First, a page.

In our childhood days my friends and I often found ourselves wondering why so many visitors flocked to our hometown. We didn’t know any place else, and this place didn’t seem all that special. It was our home, the place where we did chores, road the bus, and sweated through hot summer days washing dishes in restaurant kitchens.
It wasn’t until my late teens that I started to get it, when I finally got out on the water. Our little gang of Egg Harbor boys had always spent long days jumping off the dock at Alpine Beach, but a boat was always out of our reach (ironic, considering that when my parents first moved here in the 1970s they sold and repaired boats). Yes, a bike ride in the park, a climb up Eagle Tower, or a day spent on a beach towel can help you appreciate the beauty of Door County, but getting out on the water brings a different perspective.
As I’ve aged I’ve been fortunate enough to have a few friends who’ve taken the plunge into the treacherous waters of boat ownership (as one friend told me, “you might as well just crumple up dollar bills and flush ’em down the toilet”). Every once in a while I get the chance to mooch off a friend’s risk, and each time I do I’m amazed anew by the transformation in mindset that a simple, short sail brings. For none is this more true than for those in the service industry, who spend their days jealously waiting on table after table as they come in off the water, complaining about how sapped they are from soaking in that hot sun all day. (No matter how true this may be, it is never an appropriate complaint to bring up with your server. It will not elicit sympathy, and it is not an excuse to not give a crap that your child is running wild all over the restaurant, or for indecisively stalling your server at your table as you debate the merits of lemonade versus lite beer with your friends.)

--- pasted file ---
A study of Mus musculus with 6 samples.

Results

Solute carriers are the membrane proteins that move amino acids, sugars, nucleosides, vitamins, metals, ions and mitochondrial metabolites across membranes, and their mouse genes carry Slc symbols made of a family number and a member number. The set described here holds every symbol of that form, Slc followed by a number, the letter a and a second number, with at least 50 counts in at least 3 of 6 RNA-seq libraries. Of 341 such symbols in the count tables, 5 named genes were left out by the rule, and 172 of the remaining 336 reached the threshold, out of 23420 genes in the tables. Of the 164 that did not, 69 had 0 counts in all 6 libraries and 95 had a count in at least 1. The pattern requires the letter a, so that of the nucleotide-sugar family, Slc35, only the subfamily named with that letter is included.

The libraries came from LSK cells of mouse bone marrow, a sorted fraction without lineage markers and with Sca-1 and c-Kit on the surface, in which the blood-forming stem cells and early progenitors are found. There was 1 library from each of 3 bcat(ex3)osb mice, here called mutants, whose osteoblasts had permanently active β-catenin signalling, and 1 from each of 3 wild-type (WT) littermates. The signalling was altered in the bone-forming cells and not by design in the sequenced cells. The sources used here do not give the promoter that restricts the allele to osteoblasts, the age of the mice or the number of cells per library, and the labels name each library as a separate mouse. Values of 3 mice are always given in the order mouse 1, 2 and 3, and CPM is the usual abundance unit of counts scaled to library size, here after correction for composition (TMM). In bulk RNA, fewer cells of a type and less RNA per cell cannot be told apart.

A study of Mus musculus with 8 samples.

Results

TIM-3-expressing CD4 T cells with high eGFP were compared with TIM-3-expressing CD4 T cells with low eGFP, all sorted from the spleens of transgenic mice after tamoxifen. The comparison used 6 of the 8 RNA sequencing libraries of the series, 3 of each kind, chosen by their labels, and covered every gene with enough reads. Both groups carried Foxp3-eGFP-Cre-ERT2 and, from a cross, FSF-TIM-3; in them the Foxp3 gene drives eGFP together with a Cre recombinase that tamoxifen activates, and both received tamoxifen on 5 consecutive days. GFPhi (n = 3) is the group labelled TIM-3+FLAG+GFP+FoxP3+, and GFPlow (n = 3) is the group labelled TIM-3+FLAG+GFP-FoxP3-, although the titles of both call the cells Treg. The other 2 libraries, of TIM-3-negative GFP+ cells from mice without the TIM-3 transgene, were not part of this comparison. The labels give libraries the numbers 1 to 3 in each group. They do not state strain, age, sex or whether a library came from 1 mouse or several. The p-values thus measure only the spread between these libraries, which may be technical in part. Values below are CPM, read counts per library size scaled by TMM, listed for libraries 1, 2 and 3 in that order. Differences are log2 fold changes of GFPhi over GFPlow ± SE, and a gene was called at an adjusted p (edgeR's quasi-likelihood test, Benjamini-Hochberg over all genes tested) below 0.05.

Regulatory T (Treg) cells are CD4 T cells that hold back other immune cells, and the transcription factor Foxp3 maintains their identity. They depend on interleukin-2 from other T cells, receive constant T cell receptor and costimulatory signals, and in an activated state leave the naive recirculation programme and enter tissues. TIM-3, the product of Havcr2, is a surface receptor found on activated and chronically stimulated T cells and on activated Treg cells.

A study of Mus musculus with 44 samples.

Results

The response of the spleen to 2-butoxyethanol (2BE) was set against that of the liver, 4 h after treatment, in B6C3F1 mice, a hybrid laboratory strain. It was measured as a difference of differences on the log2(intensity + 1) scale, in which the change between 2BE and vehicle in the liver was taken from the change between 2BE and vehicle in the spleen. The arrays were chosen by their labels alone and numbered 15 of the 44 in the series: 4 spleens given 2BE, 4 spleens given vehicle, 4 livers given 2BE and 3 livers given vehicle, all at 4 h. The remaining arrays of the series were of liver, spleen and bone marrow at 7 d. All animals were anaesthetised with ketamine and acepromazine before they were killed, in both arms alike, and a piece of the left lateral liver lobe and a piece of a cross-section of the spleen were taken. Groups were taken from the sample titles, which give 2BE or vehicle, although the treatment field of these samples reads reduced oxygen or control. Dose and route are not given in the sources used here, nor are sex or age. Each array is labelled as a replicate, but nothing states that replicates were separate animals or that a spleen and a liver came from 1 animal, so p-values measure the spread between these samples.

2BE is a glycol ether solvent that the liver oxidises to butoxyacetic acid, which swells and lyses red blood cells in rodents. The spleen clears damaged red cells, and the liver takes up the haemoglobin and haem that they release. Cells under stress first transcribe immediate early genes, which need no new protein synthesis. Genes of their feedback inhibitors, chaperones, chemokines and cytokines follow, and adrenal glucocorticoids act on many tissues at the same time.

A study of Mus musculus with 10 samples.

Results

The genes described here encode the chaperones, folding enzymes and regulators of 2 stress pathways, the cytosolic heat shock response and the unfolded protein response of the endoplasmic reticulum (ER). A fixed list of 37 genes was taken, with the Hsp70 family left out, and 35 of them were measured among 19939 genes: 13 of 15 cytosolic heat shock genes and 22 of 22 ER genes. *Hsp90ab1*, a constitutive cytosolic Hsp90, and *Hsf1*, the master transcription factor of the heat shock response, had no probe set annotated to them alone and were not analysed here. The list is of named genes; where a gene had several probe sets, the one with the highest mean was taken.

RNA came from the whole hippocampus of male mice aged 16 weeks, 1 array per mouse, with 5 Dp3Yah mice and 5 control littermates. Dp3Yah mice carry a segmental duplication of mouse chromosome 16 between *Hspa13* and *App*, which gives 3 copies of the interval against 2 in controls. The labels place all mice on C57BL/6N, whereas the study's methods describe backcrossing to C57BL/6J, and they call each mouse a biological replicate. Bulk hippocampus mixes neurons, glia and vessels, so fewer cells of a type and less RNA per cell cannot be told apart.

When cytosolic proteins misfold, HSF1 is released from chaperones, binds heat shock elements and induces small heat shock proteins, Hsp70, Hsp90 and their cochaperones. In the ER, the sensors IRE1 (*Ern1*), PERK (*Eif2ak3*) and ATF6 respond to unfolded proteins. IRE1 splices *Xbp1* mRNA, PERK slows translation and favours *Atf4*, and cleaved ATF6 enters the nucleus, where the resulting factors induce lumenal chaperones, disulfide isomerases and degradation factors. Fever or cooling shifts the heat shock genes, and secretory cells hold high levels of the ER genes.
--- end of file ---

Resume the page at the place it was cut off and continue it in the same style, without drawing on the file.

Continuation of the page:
From the outside looking in you realize why people develop such a love affair with this place, why they invest so much just to be on the lake a couple months each year, and why they spend the rest of the year clamoring to come back. Once, when first-time visitors asked me what they should do while they’re in Door County, my mind would bounce to restaurants, beaches, stores and parks.
Now my answer is simple: find a way onto the water, any way. It’s the best chance to lure them back.